Flashing greens and reds hit the stucco wall opposite the only window in my small, cramped excuse of an apartment. When I reach out and turn off the lamp on the table that also serves as my work desk and ironing board, my room is still illuminated with artificial light.
The flimsy curtain hangs lifeless to one side in a desperate effort to let some air through the two-inch crack in the rusted-up window. I curl backwards and attempt to stretch out on the sofa, which at night becomes my bed. I watch the kaleidoscope of colours bouncing around the room as I slowly succumb to the events of the day that have made me so weary.
I have to get up early for work in the morning. Unfortunately, this fact does not make any difference to the people upstairs who are having an argument. The language isn’t distinguishable, but the anger and the frustration are. Something smashes to the floor and I hear a scream. More shouting and a door slams. Heavy footsteps come bounding down the stairwell and pound past my front door, which seems inches from my head. Actually, it is inches from my head – twelve, to be exact. I am wide awake now.
When I opted to move to Hong Kong, I thought I would have a lifestyle that my friends back in Dublin would envy. The salary I was offered was nearly three times what I could earn even in London. The lure of tax incentives was the clincher. From a financial point of view, Hong Kong was the place to be. I considered myself extremely lucky to have such an amazing opportunity so early on in my career. I was flown over and put up in a luxurious five-star hotel for two weeks while I tried to find somewhere to live.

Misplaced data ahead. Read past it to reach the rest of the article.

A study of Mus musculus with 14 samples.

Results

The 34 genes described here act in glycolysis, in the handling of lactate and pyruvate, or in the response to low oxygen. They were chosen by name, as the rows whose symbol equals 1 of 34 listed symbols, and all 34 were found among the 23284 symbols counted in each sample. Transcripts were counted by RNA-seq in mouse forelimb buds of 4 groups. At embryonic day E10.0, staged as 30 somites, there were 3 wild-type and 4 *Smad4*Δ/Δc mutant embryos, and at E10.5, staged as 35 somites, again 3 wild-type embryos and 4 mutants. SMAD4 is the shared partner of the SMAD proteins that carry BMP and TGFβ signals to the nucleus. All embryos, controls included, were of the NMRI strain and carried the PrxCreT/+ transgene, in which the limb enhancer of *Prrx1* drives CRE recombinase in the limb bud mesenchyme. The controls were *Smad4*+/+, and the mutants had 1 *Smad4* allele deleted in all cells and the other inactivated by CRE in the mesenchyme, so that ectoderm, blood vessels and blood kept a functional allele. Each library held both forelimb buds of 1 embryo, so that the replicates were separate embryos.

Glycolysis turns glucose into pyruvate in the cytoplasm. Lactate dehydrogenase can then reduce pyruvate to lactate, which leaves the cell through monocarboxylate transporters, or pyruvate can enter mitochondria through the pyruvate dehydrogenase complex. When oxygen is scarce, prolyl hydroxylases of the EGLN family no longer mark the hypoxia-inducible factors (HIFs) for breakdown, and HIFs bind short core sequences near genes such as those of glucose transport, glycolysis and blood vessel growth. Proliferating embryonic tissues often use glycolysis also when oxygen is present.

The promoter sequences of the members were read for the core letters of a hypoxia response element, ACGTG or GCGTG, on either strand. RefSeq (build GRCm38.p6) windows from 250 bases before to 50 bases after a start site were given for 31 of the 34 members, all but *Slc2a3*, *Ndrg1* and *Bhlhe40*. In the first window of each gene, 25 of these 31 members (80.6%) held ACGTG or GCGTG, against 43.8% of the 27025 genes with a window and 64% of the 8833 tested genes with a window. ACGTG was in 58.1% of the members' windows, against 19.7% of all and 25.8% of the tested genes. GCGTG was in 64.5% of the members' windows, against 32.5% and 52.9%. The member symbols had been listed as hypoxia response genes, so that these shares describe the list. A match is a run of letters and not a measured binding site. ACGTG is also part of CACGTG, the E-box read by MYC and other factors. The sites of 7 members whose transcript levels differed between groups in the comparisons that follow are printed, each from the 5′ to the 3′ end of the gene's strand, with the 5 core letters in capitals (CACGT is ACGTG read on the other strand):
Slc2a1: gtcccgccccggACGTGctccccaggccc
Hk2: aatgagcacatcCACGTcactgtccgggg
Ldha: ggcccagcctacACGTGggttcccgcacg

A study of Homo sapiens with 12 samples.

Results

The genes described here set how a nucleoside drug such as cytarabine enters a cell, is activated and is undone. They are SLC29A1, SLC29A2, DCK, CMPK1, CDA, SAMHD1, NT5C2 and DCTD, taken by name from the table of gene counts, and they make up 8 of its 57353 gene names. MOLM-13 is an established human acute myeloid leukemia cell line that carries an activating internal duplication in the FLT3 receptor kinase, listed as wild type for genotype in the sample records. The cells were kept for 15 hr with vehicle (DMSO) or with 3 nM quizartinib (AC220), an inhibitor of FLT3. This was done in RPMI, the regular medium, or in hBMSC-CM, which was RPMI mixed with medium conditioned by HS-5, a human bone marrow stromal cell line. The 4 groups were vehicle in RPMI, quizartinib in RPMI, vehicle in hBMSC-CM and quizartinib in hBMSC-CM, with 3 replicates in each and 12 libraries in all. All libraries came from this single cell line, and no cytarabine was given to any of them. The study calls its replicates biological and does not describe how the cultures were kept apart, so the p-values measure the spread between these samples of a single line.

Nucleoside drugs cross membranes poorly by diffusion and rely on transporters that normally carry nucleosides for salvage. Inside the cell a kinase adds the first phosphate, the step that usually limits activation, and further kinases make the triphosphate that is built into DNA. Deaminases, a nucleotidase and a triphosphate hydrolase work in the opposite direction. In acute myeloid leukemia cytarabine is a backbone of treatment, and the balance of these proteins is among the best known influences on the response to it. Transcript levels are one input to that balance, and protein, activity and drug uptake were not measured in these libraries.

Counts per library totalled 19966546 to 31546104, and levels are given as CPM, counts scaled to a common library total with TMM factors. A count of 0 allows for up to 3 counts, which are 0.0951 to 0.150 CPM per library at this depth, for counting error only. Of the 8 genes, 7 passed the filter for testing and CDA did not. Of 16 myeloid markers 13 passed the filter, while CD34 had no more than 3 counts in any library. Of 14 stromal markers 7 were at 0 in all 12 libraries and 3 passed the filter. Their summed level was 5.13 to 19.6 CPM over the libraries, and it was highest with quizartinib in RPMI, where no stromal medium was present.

That’s where the dream started to unravel a tad. As I went from real estate agency to real estate agency, I started to realise the chasm between what I wanted and what I could afford. A week went by and it finally dawned on me that home was going to be a one-room affair, with furniture more befitting a leprechaun than the five-foot-eleven Amazon I am. I settled on a place in Wan Chai where I could actually fit into and under the shower. The rest I would work out.
I did work it out. I love my little hole-in-the-wall. I have everything at my doorstep: food, transport, nightlife. Tonight, as I lie awake, sweating from the relentless humidity, my senses are alive. I listen to the whirring of the dilapidated air-con. It’s a false hope believing that the air inside will become cooler than the temperature outside. I watch the flicker of lights dance around my room. I listen to the honking horns, the sirens and the cacophony of music from the four competing bars below me. I smile to myself. Hong Kong is my home. For now.